Press TV, London
The controversial Nationality and Borders bill is still causing a stir in Britain as the government seeks to grant itself more powers to revoke citizenship without having to inform the person in advance. Critics fear the bill empowers racism and makes minorities vulnerable to state persecution and authoritarianism.
Protests against a highly divisive Bill have intensified in London as debates rage inside Westminster.
The Nationality and Borders Bill has several controversial clauses which minority groups have accused of being racist and turning black and brown Brits into 2nd class citizens.
The fight over this clause is far from over, it remains in the house of Lords who are debating the controversial aspects which remain as part of this wide bill. There is a lot of division over this and if the lords decide they want amendments to it, it will bounce back to parliament.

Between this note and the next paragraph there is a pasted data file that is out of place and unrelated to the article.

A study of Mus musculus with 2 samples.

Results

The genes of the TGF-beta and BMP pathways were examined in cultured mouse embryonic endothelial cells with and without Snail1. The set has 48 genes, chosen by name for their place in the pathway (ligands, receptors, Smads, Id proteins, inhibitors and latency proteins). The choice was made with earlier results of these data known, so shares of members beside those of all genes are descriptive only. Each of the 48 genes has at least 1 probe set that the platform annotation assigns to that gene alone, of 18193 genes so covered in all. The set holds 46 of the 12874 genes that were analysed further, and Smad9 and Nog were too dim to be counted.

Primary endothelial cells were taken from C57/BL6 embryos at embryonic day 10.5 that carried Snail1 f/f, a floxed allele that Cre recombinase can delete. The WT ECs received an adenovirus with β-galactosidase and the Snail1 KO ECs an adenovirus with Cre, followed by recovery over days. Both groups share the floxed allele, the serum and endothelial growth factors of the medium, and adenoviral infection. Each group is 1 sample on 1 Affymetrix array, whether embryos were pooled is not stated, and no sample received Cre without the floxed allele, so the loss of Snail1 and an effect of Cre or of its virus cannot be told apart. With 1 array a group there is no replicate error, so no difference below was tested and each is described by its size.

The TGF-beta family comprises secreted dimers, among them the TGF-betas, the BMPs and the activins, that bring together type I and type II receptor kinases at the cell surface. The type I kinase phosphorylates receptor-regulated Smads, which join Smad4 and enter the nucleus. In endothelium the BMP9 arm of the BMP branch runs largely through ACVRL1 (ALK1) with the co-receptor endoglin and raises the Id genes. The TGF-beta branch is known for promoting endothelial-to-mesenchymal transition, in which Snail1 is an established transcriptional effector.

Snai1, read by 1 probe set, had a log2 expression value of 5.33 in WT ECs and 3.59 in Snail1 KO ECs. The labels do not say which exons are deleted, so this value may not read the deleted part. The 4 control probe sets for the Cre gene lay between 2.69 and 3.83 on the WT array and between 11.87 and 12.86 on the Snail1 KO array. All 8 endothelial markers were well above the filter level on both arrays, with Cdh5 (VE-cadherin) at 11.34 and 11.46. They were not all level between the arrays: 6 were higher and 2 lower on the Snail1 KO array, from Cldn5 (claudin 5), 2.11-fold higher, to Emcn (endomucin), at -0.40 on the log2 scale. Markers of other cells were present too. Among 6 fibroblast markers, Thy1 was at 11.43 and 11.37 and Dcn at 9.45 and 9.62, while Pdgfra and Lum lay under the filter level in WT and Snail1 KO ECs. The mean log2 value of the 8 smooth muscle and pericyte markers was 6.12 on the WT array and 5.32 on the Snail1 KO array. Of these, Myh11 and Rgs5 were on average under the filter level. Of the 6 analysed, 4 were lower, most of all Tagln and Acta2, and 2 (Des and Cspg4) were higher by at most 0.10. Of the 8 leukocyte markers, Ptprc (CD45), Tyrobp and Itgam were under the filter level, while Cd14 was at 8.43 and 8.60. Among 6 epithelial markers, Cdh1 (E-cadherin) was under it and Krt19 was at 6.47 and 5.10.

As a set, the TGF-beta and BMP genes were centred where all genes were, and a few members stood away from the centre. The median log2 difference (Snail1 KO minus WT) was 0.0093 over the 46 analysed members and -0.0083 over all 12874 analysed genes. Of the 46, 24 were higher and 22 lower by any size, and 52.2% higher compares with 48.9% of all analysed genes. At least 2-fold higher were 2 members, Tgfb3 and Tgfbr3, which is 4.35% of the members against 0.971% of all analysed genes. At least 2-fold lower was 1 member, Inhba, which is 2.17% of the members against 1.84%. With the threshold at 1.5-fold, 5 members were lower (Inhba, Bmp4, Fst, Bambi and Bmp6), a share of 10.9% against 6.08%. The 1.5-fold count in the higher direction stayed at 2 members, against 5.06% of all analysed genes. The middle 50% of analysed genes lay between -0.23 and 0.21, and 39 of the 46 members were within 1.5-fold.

The bill seeks to provide the Home Office with additional powers to revoke citizens Nationality status and deny access to refugees flee to Britain.
The government have offered reassurances with Home Secretary Priti Patel claiming the law would be used only in "exceptional circumstances" on people who pose the most risk to the UK. But critics find it hard to trust No.10.
Having been passed by MPs in the House of Commons last December, the Bill is now going through the House of Lords where peers are suggesting amendments. The Bill likely won't become law for the next few months, leaving plenty of time for more protests.